While today’s MEI systems vary in many respects, they all involve the implantation of a transducer on or near the incudostapedial joint of the ossicular chain. That implantation allows the system to drive the middle ear directly rather than doing so by sending an amplified acoustic signal through the ear canal, as conventional devices do.
Explore This IssueMay 2011
Although Otologics LLC, based in Boulder, Colo., began with and still makes the partially implantable MET (middle ear transducer), CEO Jose Bedoya likened the evolution of MEIs to that of other medical implants. “They all start as external devices and then evolve to be implanted. The hurdle is the technology required to internalize them,” he said.
Until Envoy Medical’s Esteem product received FDA clearance in March 2010, every MEI made or marketed in the U.S. was electromagnetic. These devices contain an implanted magnet and an external coil coupled to the microphone. When the coil is energized by a signal, it causes the magnet to vibrate and move the ossicles.
The Esteem, on the other hand, uses piezoelectric technology. The mechanical signal is detected from a piezoelectric transducer at the head of the incus (the sensor) and converted to an electrical signal, which is then amplified, filtered and converted back to a vibratory signal that moves the ossicles.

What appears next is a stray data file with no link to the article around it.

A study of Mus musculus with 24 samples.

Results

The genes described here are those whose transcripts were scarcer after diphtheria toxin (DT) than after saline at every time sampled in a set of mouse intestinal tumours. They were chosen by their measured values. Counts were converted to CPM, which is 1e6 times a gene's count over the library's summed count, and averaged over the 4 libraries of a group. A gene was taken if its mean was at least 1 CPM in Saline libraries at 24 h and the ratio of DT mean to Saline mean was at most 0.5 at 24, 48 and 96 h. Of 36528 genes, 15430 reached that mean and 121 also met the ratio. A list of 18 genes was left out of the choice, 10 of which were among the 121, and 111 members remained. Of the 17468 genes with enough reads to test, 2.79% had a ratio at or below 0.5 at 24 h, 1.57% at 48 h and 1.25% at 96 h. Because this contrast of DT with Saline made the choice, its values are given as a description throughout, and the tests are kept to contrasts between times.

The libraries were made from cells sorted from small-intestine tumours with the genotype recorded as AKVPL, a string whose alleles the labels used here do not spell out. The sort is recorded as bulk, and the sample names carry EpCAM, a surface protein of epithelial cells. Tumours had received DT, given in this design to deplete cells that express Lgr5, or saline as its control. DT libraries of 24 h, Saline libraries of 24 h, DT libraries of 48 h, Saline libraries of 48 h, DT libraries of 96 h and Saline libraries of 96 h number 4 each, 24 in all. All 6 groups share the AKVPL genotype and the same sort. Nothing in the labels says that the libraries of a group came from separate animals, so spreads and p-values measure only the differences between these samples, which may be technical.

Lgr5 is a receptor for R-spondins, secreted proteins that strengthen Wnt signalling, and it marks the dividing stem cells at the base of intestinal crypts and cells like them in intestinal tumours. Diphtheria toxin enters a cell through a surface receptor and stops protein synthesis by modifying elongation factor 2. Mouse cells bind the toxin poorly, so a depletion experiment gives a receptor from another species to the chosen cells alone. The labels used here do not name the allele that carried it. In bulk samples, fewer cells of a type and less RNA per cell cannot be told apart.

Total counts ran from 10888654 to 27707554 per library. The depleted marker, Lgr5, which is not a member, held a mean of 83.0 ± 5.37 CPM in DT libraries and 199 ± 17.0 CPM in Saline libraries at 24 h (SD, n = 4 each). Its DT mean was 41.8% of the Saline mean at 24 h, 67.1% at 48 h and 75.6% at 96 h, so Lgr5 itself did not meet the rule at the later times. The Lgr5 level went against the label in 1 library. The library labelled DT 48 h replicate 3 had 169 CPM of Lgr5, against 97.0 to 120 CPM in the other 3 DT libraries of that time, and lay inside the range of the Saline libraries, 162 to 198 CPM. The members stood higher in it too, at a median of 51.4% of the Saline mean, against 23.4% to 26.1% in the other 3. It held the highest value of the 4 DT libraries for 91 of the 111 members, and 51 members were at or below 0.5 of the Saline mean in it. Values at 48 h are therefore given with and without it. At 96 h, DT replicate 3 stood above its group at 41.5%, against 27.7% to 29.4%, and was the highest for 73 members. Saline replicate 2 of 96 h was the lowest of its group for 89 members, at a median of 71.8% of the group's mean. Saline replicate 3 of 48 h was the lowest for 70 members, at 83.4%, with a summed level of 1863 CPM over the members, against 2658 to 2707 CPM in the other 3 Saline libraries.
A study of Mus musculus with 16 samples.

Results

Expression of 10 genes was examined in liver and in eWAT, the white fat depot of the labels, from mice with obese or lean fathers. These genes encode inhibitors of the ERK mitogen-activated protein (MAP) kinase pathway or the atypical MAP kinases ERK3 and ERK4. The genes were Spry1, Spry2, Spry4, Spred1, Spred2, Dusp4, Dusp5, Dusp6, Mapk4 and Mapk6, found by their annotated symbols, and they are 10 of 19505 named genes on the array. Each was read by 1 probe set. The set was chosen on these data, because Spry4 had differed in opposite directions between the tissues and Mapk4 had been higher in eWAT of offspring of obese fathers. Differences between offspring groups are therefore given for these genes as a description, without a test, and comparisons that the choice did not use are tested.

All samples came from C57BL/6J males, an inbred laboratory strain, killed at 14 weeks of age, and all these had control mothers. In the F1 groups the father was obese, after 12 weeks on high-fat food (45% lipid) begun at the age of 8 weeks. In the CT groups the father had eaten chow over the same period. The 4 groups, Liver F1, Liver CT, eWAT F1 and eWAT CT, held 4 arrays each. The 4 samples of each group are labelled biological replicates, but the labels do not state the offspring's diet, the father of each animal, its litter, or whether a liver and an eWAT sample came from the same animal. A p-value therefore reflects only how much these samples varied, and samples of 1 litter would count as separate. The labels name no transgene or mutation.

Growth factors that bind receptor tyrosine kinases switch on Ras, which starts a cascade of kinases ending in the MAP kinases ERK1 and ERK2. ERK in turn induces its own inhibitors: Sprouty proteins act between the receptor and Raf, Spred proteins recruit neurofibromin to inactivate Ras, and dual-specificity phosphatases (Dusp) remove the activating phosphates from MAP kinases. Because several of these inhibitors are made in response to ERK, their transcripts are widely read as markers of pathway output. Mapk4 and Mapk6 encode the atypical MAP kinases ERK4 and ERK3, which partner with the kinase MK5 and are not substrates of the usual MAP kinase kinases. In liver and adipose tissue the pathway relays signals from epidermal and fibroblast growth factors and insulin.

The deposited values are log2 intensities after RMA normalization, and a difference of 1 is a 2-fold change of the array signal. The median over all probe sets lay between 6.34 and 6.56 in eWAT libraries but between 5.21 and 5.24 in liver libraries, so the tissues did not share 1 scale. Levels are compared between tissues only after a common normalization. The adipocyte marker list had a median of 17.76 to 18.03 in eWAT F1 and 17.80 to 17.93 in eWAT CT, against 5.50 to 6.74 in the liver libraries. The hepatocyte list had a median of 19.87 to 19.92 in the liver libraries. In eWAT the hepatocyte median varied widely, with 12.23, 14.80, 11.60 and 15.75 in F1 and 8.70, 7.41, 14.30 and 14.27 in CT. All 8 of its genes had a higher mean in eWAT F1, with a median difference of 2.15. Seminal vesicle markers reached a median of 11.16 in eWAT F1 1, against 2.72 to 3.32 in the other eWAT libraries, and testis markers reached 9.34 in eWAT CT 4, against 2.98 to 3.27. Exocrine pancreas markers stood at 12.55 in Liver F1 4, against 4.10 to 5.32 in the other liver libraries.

The conventional air-conduction approach, said Bedoya, is an inefficient way of transmitting sound. Bedoya, whose company has developed two implantable systems, said that the thinking behind the MEI was, “Let’s see if surgically we can drive the middle ear directly and eliminate those inefficiencies and potential distortions.”
Once the device is successfully implanted and programmed, the wearer can essentially ignore it. “There is something very appealing to patients about not having to put something on to be able to hear,” Dr. Arriaga said. “They can leave it on 24 hours a day, swim or shower with it, and never worry about forgetting or losing it.”
Because it’s totally implanted, there is no issue of stigma or cosmetics. Maintenance is also minimal, with an implanted battery the manufacturer says will last for 4.5 to nine years.
“With a regular hearing aid, you take sound, you convert it into electricity, you manipulate it, and then you convert it back to sound, so there are two conversions,” Dr. Arriaga explained. “With an implantable device, you are taking sound, converting it to electrical energy, but you aren’t converting it back to sound. You’re leaving it as electrical energy that is moving the ossicular chain.”